The robust, sustained interest in the history of the transatlantic slave trade has been a defining feature of the intersection of African studies and digital scholarship since the advent of humanities computing in the 1960s. The pioneering work of the Trans-Atlantic Slave Trade Database, first made widely available in CD-ROM in 1999, is one of several major projects to use digital tools in the research and analysis of the Atlantic trade from the sixteenth through the mid-nineteenth century. Over the past two decades, computing technologies have also been applied to the exploration of African bondage outside the maritime Atlantic frame. In the 2010s, Slave Voyages (the online successor to the original Slave Trade Database compact disc) joined many other projects in and outside the academy that deploy digital tools in the reconstruction of the large-scale structural history of the trade as well as the microhistorical understandings of individual lives, the biography of notables, and family ancestry.
André do Couto Godinho was born in 1720 in the Brazilian captaincy of Minas Gerais, in the town of Mariana, and died in the Kingdom of Kongo, probably around 1790. Born not only a slave but the slave of a slave, he went on to obtain his freedom, becoming literate, later studying at a university, and finally going on to serve as a missionary in Africa. Between the beginning of his life, in Brazil, and its end, in Africa, he spent a number of years in Portugal, in the cities of Coimbra and Lisbon. While his life story is certainly extraordinary, it provides a window into the possibilities of, and strategies for, social and geographic mobility of free and freed black people in different parts of the Portuguese Empire during the second half of the 1700s. Retracing André Godinho’s footsteps is an exercise in micro-history, a technique that, when used as a counterpoint to a more global analysis, offers fresh insights into familiar subjects, with the seemingly insignificant details of an individual life raising questions that would have gone unnoticed in a strictly macroscopic analysis. André’s path in life, as a free man of color helps understand the larger historical contexts that defined the possibilities, choices, and limitations of his personal history. Godinho’s story provides insights into African descendants’ possibilities for social ascension, also clarifying the limitations imposed by emerging social hierarchies based on skin color and slave origin.
Archaeological examination of the transatlantic slave trade in West Africa largely began with investigations of European trade posts and forts on the coast and on major West African rivers. The predominant focus of subsequent work has been on African states and societies affected by or involved in Atlantic commerce and the slave trade. Major themes of research include African–European interactions and trade, political and economic effects in African societies, and the integration and consumption of Atlantic goods in daily life. Work has also expanded geographically beyond West African towns and states into hinterland and frontier landscapes far from the coast. Archaeological investigations of Atlantic era slavery developed in dialogue with the archaeology of the African diaspora in the Americas, yet their foci and objectives have not always been completely aligned. Slavery is more of a central theme in African diaspora archaeology—being the primary formative historical force in the creation of the diaspora—than it is in West African archaeology, where it is more often examined as a major feature of social, political, and economic life with uneven regional and societal effects. Archaeologists are also involved in the study, interpretation, and politics of African diaspora heritage tourism. Emerging approaches to the archaeology of Atlantic era slavery in West Africa include maritime archaeology and the archaeology of the formerly enslaved that returned to West Africa.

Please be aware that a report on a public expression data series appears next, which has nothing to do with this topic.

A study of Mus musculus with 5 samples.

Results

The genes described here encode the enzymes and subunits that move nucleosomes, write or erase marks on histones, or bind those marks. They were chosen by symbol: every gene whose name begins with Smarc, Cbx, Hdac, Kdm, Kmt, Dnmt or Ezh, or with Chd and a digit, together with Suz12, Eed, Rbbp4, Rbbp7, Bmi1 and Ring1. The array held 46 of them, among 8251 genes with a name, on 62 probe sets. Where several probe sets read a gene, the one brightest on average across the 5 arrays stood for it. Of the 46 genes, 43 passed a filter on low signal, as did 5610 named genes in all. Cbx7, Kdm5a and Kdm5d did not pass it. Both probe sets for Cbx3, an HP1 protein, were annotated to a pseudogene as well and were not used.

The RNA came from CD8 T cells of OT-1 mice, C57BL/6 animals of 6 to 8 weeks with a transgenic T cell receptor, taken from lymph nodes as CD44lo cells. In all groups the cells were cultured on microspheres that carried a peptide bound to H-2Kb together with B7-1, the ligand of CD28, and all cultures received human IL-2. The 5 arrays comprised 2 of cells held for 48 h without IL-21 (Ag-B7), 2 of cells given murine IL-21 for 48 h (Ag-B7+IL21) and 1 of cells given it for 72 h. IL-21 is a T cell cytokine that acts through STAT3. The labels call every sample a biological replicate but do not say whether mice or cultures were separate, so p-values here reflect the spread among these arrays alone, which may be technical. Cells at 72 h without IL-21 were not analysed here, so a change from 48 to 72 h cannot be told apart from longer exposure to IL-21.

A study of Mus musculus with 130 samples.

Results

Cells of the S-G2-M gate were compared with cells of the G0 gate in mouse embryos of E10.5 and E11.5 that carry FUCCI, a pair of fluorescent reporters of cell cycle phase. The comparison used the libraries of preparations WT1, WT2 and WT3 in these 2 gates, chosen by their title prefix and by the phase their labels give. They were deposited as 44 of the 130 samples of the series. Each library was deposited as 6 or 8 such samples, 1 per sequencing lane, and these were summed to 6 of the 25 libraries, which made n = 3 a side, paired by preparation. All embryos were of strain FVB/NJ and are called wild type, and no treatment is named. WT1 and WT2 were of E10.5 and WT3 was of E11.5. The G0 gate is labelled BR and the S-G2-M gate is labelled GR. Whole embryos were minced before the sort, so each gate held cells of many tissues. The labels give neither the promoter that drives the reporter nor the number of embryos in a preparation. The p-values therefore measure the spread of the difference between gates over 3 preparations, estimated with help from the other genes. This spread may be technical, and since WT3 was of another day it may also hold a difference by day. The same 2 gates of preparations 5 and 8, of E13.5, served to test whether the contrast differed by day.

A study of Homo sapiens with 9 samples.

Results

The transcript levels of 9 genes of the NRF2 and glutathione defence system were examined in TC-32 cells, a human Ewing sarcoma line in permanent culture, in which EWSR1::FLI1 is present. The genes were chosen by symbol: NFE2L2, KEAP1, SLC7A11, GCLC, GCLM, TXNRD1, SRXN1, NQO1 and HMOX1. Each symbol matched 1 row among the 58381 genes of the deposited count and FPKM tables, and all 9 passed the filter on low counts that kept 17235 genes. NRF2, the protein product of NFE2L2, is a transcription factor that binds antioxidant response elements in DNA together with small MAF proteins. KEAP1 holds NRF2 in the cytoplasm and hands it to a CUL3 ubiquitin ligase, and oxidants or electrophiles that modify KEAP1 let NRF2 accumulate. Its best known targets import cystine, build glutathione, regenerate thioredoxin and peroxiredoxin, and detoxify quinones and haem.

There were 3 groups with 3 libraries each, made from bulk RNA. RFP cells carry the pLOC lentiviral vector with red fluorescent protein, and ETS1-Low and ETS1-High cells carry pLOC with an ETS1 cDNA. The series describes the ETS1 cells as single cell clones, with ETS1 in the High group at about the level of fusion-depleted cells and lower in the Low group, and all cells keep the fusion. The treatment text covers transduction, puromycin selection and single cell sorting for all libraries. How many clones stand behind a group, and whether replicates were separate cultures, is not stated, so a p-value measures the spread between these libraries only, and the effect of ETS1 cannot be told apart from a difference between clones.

In 1652 the Dutch East India Company founded a “refreshment station” in Table Bay on the southwestern coast of Africa for its fleets to and from the East Indies. Within a few years, this outpost developed into a fully-fledged settler colony with a “free-burgher” population who made an existence as grain, wine, and livestock farmers in the interior, or engaged in entrepreneurial activities in Cape Town, the largest settlement in the colony. The corollary of this development was the subjugation of the indigenous Khoikhoi and San inhabitants of the region, and the importation and use of a relatively large slave labor force in the agrarian and urban economies. The colony continued to expand throughout the 18th century due to continued immigration from Europe and the rapid growth of the settler population through natural increase. During that century, about one-third of the colony’s population lived in Cape Town, a cosmopolitan harbor city with a large transient, and overwhelmingly male, population which remained connected with both the Atlantic and Indian Ocean worlds. The unique society and culture that developed at the Cape was influenced by both these worlds. Although in many ways, the managerial superstructure of the Cape was similar to that of a Dutch city, the cosmopolitan and diverse nature of its population meant that a variety of identities and cultures co-existed alongside each other and found expression in a variety of public forms.